The strike by teachers and service workers that closed schools for nine days is over. Here are my takeaways:
–The five percent raise is substantial and fair. If you count the experience increment for years one through 35, public school teachers will see about another $2,500 in their base pay starting next fiscal year. Service workers, with their experience increment, will make around $1,400 more.
–State public employees did not strike, but they benefited from it, and from the Senate holdout. Had the Senate immediately gone along with the House last week public employees would have gotten a three percent raise. The Senate moved to equalize the raises and the compromise with the House eventually brought everybody up to five percent.
–The 55 county school superintendents played a critical role. When the county superintendents last Friday agreed to continue calling off school until the Legislature passed the five percent raise, the gauntlet was thrown down. None of the superintendents was willing to ask the State Attorney General to go to court to try to force the teachers and service workers back on the job.
–The teacher and service worker unions are back. West Virginia’s labor movement has diminished significantly in recent years with the decline of the coal industry and the shift to a Republican controlled Legislature. However, the “55 United” campaign was an impressive show of force that effected change. We will see if this was a singular event or representative of a rejuvenated labor movement.
–Senate President Mitch Carmichael and Senate Majority Leader Ryan Ferns took considerable heat during the strike. The pressure on them was immense. Teachers stationed outside the Senate chamber repeatedly chanted “vote them out” and “remember in November.” Ferns will have his hands full in November with a challenge from Democrat and former U.S. Attorney Bill Ihlenfeld. Carmichael is not up until 2020.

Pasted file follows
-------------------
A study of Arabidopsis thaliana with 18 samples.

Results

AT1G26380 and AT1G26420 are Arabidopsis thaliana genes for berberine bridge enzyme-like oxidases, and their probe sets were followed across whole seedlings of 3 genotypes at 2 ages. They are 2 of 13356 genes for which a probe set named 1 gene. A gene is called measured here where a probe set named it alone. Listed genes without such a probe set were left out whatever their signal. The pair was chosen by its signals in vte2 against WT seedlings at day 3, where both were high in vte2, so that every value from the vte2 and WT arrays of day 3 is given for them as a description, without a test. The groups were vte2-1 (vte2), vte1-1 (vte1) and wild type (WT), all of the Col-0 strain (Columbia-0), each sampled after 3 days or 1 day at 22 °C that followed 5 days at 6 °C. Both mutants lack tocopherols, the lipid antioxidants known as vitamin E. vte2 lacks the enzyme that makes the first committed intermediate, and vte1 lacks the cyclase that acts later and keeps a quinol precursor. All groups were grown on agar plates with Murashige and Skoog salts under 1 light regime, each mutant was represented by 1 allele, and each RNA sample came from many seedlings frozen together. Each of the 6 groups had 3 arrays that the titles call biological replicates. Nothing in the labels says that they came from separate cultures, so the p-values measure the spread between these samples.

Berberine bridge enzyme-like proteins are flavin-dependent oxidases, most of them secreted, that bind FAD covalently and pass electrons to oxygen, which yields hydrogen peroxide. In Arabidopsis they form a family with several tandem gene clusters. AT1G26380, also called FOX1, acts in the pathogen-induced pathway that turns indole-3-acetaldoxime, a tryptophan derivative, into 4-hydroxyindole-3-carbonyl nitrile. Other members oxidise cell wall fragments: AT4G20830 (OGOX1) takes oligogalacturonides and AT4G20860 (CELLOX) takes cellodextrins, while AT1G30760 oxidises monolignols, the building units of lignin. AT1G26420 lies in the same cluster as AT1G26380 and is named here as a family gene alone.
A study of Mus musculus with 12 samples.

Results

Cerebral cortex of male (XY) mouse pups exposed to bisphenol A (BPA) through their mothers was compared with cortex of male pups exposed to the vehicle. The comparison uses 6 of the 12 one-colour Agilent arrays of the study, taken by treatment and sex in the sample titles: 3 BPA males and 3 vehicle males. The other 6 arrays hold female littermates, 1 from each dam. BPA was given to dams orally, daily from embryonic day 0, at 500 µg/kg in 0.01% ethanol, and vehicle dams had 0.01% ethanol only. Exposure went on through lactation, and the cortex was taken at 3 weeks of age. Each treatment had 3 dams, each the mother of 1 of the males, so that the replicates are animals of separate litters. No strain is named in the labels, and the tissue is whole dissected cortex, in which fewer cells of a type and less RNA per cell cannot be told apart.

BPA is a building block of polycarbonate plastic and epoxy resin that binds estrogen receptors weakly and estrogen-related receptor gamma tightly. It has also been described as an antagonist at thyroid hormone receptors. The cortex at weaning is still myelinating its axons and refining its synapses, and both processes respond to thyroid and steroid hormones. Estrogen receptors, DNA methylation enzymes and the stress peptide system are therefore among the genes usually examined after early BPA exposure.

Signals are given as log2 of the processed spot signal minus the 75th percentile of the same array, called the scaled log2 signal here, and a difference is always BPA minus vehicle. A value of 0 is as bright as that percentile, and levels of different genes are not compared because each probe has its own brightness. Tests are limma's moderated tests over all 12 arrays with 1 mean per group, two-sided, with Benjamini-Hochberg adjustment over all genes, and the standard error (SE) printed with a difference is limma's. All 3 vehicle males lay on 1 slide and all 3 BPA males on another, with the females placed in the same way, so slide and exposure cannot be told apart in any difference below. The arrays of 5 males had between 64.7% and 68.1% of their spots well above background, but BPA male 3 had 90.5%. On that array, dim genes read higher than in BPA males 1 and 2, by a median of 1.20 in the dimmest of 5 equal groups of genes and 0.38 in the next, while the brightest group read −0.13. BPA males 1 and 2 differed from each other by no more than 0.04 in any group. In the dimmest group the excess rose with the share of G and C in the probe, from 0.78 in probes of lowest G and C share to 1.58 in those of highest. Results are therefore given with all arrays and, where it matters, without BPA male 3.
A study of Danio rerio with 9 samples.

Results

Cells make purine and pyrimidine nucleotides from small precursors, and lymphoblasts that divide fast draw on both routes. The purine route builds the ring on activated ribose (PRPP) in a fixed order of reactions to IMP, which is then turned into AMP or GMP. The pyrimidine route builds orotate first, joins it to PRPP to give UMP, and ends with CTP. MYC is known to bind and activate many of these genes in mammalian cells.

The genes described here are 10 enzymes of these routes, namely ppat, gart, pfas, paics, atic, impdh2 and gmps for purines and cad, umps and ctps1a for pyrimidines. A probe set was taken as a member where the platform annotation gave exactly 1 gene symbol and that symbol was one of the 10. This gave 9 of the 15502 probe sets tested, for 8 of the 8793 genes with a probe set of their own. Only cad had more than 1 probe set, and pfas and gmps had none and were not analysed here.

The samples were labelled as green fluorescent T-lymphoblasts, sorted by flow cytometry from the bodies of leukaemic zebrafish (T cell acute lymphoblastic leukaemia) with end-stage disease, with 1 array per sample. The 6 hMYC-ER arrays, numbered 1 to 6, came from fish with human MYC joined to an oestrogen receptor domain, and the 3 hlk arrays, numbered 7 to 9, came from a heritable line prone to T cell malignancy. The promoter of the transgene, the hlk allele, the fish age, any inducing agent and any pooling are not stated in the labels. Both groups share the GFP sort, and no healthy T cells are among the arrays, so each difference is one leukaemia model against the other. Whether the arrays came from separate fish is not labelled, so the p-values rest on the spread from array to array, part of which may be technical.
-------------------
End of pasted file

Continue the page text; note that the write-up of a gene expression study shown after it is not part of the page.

–The strike was loud—really loud—but peaceful. Yes, a few signs were rude and there were some over-the-line comments on social media, but the crowds at the Capitol and around the state were pretty well-behaved, especially considering that about 5,000 teachers and service workers flowed into the Capitol each day.
–The strike became a national story. It took a few days, but the national media eventually started covering the strike closely. Fortunately, the strike ended before the national media had a chance to set up camp here and make it an even bigger story. I’m in the media, but when the national media descend on a story like this it just further complicates things and adds even more pressure.
–I sensed on Talkline and in my texts and emails some backlash to the settlement. One texter wrote, “I am very disappointed that the Legislature caved to the demands of the hostage takers.” Another wrote, “With this increase in teacher pay, how much will student test scores go up?” I have heard from a number of West Virginians—I don’t know the percentage—who were growing increasingly frustrated with the strike.
–What now? I hate to dampen the euphoria over the settlement, but frankly, the five percent raise was the easy part. Now stakeholders on the Governor’s task force have to try to figure out some long-term solutions to Public Employee Insurance Agency. And that’s a challenge.